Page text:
Dawgs of the Decade: The Returners

Through a decade of success, there have been plenty of players who have made their mark in a Georgia uniform, and for the next two weeks, The Telegraph will be giving you the chance to vote on your picks for the Bulldogs’ All-Decade team for the 2000s. We’ll go position-by-position, and you’ll pick the winners by going to to vote.

Our third ballot is for Georgia’s top return men of the decade, and the nominees are:

(Note: Years as Georgia’s primary returner in parentheses)

Damien Gary (2000-2003). As a four-year contributor in the return game, Gary holds the school record for punt return yards in a career with 1,253 – nearly 200 more than the next player on the list. Gary averaged more than 12 yards per return in 2001 and 2002, including a 13.5 average on the ’02 SEC championship team – the seventh-best mark in team history for a player with at least 15 returns. He had two punt-return touchdowns in his career.

Fred Gibson (2001-2002). Gibson’s name will likely be a top vote-getter on the ballot for best wide receivers of the decade, but he was no slouch in the kick return game either. As Georgia’s primary returner in 2001 and 2002, Gibson racked up 835 yards on 33 returns. His average of 26.8 yards per return in 2001 is the highest by any Georgia returner since 1990. His 91-yard kick return for a touchdown against Clemson in 2002 was crucial in a 31-28 win that sparked Georgia’s run to a conference title.

Mikey Henderson (2006-2007). While Henderson will likely be best remembered for his game-winning touchdown catch against Alabama, it was his punt return skills that endeared him to fans. One of the most explosive return men in recent history for Georgia, Henderson was a threat to take it to the house each time he touched the ball. Named as the first-team All-SEC punt returner in 2006, he had two touchdowns that season, including an 86-yarder against Tennessee. His 14.7 yards per return average in 2006 ranks third all-time for the Bulldogs.

Thomas Flowers (2004-2005). Perhaps not the biggest name to work the return game at Georgia, Flowers still made his mark in many ways. He was the primary punt returner as a freshman and sophomore, and his 15.1 yards per return average in 2004 is the second highest in Georgia history for anyone with at least 15 returns and led the SEC that year. In 2005, he helped Georgia to an SEC title and his 54-yard punt return for a TD against Tennessee was one of the highlights of the season. While he sat out most of his junior year with an injury and his role on special teams diminished as a senior, his seven punt returns in those two seasons still accounted for 141 yards. He finished his career seventh in Georgia history with 55 punt returns and fifth in the record book with 821 yards.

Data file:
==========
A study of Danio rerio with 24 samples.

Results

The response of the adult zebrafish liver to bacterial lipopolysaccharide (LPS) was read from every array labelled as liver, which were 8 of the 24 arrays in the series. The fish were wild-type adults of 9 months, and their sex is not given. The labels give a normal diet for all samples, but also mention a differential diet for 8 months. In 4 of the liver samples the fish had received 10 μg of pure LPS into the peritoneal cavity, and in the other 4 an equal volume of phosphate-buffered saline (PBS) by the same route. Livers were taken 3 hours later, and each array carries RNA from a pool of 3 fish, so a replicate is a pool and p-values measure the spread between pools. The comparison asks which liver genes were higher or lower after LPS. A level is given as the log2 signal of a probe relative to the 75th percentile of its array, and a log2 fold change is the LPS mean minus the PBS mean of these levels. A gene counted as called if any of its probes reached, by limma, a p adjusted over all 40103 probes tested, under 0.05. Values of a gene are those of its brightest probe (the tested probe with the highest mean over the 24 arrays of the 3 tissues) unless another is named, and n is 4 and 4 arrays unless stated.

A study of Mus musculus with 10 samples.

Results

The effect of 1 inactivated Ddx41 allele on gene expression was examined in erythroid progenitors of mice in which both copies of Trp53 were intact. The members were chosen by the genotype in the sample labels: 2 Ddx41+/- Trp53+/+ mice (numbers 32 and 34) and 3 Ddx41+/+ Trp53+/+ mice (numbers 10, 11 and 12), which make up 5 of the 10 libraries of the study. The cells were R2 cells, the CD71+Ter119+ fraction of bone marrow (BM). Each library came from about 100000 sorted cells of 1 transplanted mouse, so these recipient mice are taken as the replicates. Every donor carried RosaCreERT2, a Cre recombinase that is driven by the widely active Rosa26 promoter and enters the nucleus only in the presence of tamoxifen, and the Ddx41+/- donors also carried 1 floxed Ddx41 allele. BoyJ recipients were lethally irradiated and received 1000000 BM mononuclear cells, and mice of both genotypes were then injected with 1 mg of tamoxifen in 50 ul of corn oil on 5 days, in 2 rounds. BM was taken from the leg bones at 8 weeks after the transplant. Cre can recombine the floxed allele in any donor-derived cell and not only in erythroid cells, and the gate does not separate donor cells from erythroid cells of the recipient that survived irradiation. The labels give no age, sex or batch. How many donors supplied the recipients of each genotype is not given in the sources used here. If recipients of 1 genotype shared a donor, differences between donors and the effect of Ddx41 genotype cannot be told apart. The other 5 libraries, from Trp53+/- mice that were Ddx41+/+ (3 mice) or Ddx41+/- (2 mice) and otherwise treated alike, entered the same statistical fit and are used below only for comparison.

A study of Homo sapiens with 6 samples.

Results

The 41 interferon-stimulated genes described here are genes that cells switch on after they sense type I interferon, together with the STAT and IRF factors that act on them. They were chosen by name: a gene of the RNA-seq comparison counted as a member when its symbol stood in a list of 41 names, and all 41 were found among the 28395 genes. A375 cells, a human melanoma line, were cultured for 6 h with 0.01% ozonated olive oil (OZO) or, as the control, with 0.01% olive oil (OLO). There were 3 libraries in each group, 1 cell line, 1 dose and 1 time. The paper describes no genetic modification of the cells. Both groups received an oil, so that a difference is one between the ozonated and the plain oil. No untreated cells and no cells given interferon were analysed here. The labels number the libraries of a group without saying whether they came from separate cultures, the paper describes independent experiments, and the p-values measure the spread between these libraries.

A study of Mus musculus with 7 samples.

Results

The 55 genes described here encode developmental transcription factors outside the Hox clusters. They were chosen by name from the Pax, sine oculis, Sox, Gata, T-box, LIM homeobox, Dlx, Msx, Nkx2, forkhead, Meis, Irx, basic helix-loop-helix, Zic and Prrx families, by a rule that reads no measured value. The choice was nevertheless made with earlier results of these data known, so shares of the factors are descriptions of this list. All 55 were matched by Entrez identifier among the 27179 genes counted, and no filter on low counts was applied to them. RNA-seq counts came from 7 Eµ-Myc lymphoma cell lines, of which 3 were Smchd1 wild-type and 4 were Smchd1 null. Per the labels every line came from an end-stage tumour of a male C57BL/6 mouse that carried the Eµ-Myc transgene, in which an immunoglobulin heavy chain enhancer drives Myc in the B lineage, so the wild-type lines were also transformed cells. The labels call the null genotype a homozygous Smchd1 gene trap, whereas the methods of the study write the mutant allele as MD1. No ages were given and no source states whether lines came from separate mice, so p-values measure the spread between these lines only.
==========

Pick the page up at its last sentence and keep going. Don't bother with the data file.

Asher Allen (2006-2007). A star at cornerback, Allen was also one of Georgia’s most dynamic return men – working both punt and kick returns throughout his career. As a sophomore in 2007, he set the school record (which was broken this year by Brandon Boykin) with 28 kick returns for 690 yards, including an 82-yarder against Kentucky, helping Georgia to a No. 2 ranking at year’s end. His 24.6 yards per return average was the second highest by a Georgia kick returner since 1991.

Brandon Boykin (2009-present). Boykin’s work in the return game encompasses just one year so far, but it was an impressive one. He set the school record for kick returns in a season with 36 returns and 881 return yards – an average of more than 73 yards per game. Boykin had five games with at least 100 return yards and tied an SEC record with two 100-yard kick returns for touchdowns, including a crucial game-changing score against South Carolina.

(*Note: Yes, I left Prince Miller and Tyson Browning off the ballot, but I had to make some cuts somewhere. Miller returned just nine punts in 2008 and was largely ineffective in 2009 outside of a couple of solid games. Browning was a three-year starter, but had just nine returns in 2003 and was only used as a kick returner in five games in 2005. Feel free to make the case for either in the comments, however.)

So, who gets your vote? Go to to cast your ballot or vote in our previous categories, and be sure to pick up a copy of the December 27th issue of The Telegraph to find out the winners.

And don't forget to leave your comments here on the blog. Tell us about why you made your selection and your favorite memories of those players, and your comments could appear in our final results issue of The Telegraph.


jferg said...

Gary is my a long shot. He caught the punt and made the first guy miss...and ran straight up the field for as much as he could get. No sideways, running around the whole field for 5 yards. He set his sail to the endzone and booked it. Fearlessly.

Of course, now that I think about it, there must have been a different punt return philosophy back then...because there would only be one guy to miss and then a few yards to run. Now, it seems as if there are always 5-6 guys surrounding the punt return guy. So, given this observation, maybe Asher and Prince should get a better loook?

Nah, I'll still take Gary and then Flowers any day! DH, any idea where these guys are now? Maybe add that to your post. Give a "where are they now" update. Just a though....

Anonymous said...

What, no Logan Gray?

rbubp said...

FYI, Drew Butler won the Ray Guy Award last night as the nation's punter. Congraulations to him are in order!

Universal Remonster said...

The deacon of the deke... the the sultan of slip... the judge of the juke.... MR.... DAMIEN..... GARRRRRRRYYYYYY!!!!!

(loud applause)

Hobnail_Boot said...

Thomas Flowers, FTW.

Everyone describing Damien Gary is right. Flowers also made the 2nd guy miss. He battled a lot of injuries, but when healthy (UT '05) he was deadly.